As they came down I instantly recalled, in the time it took to flatten me to the ground, all the photographs, files, scrap books, snow globes, shot glasses, porcelain birds and hardcover books by the dozens that had been haphazardly stacked there. I knew what was coming before it hit me, so I wasn’t entirely shocked by the force of the impact. What I was surprised by was being trapped underneath everything that fell and the complete panic that swept over me afterwards.
It was dark when I opened my eyes and eerily quiet, as I couldn’t hear any of the cheers and noise from a moment before. I could move my head a little from side to side, but as I tried, found I couldn’t move anything else. Initially, I was certain I had broken my neck when everything fell and was paralyzed below my head, but little pieces reassured me I was whole: I could wiggle my toes, feel the chafing of my belt on my hip and the bruises developing along my side. I wasn’t paralyzed but I was trapped to the point of feeling as though I was.
The sheer weight of everything on top of me was too much to lift, which meant that somebody else was going to have to help me. Luckily this had happened with fifteen people watching, instead of any other time when I would have been caught on my own, with nobody to know that I was there.
I have this dream where I wake up tied to my bed in the same underwear and tank top I fell asleep in, except I’m not in my bedroom, I’m in the middle of a crowded downtown pedestrian avenue at lunchtime. There are people coming from all around to go for lunch, or go back to work, to meet their sister-in-law or lawyer or banker. I struggle to free myself but cannot, and call out for help. One by one people take notice of me and crowd around, some passing by with a steady gaze of interest and other’s stopping to watch and observe. Despite my calls for help no one steps forward to free me, they seem to consider my pleas, thinking about it as I yell to them, but they ultimately step back, waving their hands in dismissive neutrality. And there I lay out in the open, in my underwear and tank top, a sight to see; until I wake up in my room, unrestrained, unsure of any time that has lapsed, for in the dream the day went by forever unchanging.
If I were to crumble and fall on the sidewalk one day, how long would it be before someone stopped to help me back up? When you go outside each morning, isn’t there a blind trust that the strangers of the world would catch you if you were to truly fall? It’s hard to trust a world of strangers.
Softly, behind the muffling of cardboard and porcelain, along with a general ringing in my ears, I heard a man’s voice from beyond the black: “Margaret? Can you hear me?”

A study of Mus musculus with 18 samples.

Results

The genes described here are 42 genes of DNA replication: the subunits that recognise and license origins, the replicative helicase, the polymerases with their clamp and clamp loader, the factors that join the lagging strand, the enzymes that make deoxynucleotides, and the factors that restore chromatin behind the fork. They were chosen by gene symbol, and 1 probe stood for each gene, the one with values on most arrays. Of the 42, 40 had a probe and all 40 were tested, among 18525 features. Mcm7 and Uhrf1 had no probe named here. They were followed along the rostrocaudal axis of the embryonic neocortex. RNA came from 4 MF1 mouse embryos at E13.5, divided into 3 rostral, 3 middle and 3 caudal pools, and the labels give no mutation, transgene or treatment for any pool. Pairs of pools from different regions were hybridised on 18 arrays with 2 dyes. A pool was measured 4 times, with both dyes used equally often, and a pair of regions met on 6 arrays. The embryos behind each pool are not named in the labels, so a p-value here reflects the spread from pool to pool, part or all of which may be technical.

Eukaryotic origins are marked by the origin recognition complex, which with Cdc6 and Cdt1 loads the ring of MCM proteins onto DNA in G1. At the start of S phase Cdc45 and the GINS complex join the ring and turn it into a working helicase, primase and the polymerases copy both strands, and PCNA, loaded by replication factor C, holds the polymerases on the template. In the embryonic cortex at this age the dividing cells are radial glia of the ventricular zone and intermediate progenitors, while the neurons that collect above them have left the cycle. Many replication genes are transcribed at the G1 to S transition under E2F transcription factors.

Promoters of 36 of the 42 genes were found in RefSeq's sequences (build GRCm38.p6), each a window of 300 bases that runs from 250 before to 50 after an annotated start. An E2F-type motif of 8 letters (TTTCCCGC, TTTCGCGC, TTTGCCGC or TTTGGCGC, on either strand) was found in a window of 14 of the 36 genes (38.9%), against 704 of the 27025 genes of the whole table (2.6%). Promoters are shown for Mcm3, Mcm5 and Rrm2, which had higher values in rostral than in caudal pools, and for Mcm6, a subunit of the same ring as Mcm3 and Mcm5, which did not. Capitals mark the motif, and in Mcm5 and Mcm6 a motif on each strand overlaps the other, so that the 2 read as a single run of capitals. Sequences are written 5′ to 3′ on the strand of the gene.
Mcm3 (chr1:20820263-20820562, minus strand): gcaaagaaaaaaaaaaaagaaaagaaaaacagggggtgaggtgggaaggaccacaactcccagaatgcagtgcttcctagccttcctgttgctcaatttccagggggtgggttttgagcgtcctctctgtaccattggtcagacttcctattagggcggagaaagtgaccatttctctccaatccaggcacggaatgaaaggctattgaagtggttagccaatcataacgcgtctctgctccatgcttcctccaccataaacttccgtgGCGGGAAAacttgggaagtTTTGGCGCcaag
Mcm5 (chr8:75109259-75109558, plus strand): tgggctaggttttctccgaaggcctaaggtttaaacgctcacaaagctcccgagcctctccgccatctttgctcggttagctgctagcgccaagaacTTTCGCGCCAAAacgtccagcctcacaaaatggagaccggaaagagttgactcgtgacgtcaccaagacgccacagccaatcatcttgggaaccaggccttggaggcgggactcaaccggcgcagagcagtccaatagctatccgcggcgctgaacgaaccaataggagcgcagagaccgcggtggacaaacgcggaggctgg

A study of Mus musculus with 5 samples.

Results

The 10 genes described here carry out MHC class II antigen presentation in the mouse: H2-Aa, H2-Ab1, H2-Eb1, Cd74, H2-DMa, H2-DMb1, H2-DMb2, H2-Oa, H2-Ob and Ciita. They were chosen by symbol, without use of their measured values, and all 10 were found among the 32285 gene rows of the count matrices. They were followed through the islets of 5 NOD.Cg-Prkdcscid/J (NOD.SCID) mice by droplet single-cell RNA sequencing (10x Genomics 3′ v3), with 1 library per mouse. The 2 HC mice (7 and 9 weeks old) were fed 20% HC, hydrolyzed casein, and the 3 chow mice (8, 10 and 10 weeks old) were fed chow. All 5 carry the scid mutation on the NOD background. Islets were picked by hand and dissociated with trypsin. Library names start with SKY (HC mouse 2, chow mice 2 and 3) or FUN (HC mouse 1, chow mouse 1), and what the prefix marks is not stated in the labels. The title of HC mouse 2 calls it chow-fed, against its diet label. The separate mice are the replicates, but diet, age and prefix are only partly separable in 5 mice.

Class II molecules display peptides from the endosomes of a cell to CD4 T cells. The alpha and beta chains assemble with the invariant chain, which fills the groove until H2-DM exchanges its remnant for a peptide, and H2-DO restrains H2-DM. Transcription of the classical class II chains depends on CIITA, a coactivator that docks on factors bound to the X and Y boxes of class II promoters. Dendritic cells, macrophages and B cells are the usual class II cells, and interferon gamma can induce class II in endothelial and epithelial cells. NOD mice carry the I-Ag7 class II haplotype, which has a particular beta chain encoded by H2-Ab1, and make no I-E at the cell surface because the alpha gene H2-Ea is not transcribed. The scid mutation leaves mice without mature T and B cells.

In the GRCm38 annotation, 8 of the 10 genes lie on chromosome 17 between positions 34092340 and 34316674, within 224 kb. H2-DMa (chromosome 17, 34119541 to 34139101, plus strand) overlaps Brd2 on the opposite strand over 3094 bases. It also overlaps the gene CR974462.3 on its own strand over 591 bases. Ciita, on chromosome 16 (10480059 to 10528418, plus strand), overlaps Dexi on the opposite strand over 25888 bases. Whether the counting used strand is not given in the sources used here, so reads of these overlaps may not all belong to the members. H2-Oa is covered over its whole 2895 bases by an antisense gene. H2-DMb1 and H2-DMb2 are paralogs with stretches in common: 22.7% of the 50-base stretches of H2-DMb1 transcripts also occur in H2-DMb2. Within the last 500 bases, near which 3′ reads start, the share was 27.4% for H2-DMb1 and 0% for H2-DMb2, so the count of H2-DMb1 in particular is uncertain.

Another voice followed, a woman’s: “Are you OK? Margaret? Say something.”
“I’m here.” I sobbed against the boxes.
“Are you OK?” She asked again, I could hear that she was worried.
“I don’t know. I’m stuck.”
“OK. We’re getting you out of there. Don’t move.”
“I can’t,” I cried at her, “I’m stuck!”
“What do you mean, good?” I thought she was being ironic.
“You still have your sense of humour.” She said unexpectedly, laughing with me through the debris, which made me feel as though she was less of a stranger.
The man’s voice returned to say: “Margaret, I have good news and bad news for you.”
“What’s the bad news?” I wanted to know first.
“Most of the items that fell are broken or covered in what looks like developing fluid. Should we throw it all out?”
“Yes, please.” I gritted through my teeth, feeling stupid for leaving all of these belongings, that were obviously important, as an ironic trap to catch myself in, while managing to destroy them all in the process. “What’s the good news?”
“You’re outside. At least, the better part of you seems to be.”
“Just another minute, Margaret.” The woman added.
One by one the boxes and heavier items were pulled away to reveal the faces of fifteen people coming to my rescue, until finally hands reached down to pull me to my feet, which were on the outside of my doorway. As I caught my balance and found myself bruised, most definitely, but not broken, someone handed me my coat. And I looked at the street in front of me, the door behind me and offered: “Shall we go?”
I took one step forward, and another and again, and many more that night and the days to follow with my new friends and other strangers. While I thought of her again, I put the other Margaret to rest and continued to spend my time lost in thinking about the light fantastic.